One of the main functions of the venerable and massive *Oxford English Dictionary* is to record the earliest known use of a word (or sense of a word) in English.

The current edition of the dictionary dates the word *software* back to 1960, though researchers have discovered an 1850 occurrence of the term in a very different context–for distinguishing two types of garbage, where “soft-ware” referred to matter that would decompose and “hard-ware” to anything else.

An etymologist has now found that use of the term *software* to describe computer programs dates back to 1958 and first appeared in a mathematics journal.

Librarian Fred R. Shapiro of the Yale Law School in New Haven, Conn., searched for the word among scholarly journals electronically archived in the JSTOR (Journal STORage) database at the University of Michigan in Ann Arbor. He hit pay dirt in an article by Princeton University statistics professor John W. Tukey in the January 1958 *American Mathematical Monthly*.

Titled “The Teaching of Concrete Mathematics,” Tukey’s article contains the following passage:

Today the “software” comprising the carefully planned interpretive routines, compilers, and other aspects of automative programming are at least as important to the modern electronic calculator as its “hardware” of tubes, transistors, wires, tapes and the like.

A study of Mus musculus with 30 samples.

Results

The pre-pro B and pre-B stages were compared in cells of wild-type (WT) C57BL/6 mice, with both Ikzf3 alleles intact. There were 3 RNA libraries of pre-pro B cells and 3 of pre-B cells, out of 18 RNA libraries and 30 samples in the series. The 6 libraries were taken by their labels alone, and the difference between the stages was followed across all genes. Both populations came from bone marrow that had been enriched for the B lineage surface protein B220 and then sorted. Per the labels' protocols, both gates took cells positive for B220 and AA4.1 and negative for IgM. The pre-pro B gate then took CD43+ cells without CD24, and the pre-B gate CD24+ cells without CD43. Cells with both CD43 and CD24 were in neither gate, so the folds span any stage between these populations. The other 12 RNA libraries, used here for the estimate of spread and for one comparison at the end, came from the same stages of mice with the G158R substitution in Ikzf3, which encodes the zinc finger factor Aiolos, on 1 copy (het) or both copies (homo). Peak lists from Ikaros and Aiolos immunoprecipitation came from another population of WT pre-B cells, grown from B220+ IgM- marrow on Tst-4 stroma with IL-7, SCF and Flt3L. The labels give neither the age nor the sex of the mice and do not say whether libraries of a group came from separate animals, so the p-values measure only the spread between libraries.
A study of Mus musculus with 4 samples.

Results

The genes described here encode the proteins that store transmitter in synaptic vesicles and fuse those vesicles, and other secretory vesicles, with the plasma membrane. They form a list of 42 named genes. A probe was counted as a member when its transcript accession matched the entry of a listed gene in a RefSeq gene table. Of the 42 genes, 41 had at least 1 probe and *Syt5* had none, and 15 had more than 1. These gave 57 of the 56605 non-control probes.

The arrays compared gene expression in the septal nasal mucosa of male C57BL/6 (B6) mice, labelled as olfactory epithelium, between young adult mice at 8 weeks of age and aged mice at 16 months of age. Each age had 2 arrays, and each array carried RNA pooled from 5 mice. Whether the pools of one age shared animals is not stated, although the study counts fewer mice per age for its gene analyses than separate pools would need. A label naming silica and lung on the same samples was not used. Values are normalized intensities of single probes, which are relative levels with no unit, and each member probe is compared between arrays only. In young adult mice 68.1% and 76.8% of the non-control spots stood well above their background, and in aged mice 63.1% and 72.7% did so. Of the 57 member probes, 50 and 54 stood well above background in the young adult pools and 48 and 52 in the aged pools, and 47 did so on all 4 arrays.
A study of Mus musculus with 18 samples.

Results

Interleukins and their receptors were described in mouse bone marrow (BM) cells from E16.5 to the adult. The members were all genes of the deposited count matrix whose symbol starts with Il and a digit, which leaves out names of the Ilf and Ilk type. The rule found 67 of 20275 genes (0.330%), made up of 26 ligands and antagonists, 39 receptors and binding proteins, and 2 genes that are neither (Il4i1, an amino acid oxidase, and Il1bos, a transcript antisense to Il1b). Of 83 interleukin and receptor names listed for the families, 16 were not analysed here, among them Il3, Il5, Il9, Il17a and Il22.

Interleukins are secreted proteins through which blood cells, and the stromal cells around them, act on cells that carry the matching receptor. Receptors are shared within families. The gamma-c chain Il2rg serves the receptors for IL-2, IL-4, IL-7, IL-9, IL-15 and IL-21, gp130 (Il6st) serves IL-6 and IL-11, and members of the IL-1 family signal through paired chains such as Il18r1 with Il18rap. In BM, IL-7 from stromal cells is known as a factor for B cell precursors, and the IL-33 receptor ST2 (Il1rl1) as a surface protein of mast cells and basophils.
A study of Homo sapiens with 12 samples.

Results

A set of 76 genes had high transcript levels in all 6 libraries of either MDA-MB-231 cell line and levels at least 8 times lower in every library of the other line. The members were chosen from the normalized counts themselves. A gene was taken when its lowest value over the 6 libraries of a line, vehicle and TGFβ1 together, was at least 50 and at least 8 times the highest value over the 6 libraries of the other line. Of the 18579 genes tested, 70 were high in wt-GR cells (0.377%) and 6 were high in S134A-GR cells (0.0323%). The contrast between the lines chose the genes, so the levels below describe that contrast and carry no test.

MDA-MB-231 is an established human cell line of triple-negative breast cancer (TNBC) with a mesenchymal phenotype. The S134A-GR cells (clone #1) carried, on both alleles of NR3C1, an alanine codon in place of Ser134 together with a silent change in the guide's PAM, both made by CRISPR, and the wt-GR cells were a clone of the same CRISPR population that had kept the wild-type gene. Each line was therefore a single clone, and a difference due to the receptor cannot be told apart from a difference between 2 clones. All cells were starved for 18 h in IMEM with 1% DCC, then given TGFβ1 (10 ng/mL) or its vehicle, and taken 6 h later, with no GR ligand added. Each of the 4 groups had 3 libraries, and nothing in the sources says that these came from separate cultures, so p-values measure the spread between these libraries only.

This sentence appears near the beginning of Tukey’s essay, which presents ideas for making “applied,” or “concrete,” mathematics more intellectually stimulating and attractive to students. Among his recommendations is one to emphasize “the study of computational procedures in their own right by discussing their general properties–the mathematics of computation–rather than merely grinding through them.”

Schooled in chemistry and mathematics, Tukey played a central role in the development of statistics during the middle part of the 20th century. He held posts at both Princeton University and Bell Telephone Laboratories in Murray Hill, N.J. In a 1965 paper with J.W. Cooley, he introduced the fast Fourier transform algorithm, perhaps now the most widely used computational technique for analyzing and manipulating digital or discrete data. He also invented a variety of methods, both graphical and numerical, for statistical applications. John Tukey died on July 26 at the age of 85.

The term *software* isn’t the only one that put Tukey in the neologistic hall of fame. Known for his penchant for coining apt words and phrases, Tukey is credited with inventing the word *bit* (binary digit) in 1946, and he was responsible for the first use of several terms in mathematical statistics.

“JSTOR is a gold mine for studying the terminology of the humanities, social sciences, and natural sciences,” Shapiro notes in the April-June *IEEE Annals of the History of Computing*. With the rapid growth of electronic journal archives, an even earlier occurrence of the word *software* may yet surface.

Indeed, the proliferation of new resources, such as JSTOR, has already forced significant revisions in the history of English words, providing new insights into the social and cultural context in which they first appeared. Researchers have discovered that more than a quarter of the language has a longer history than could be demonstrated a century ago.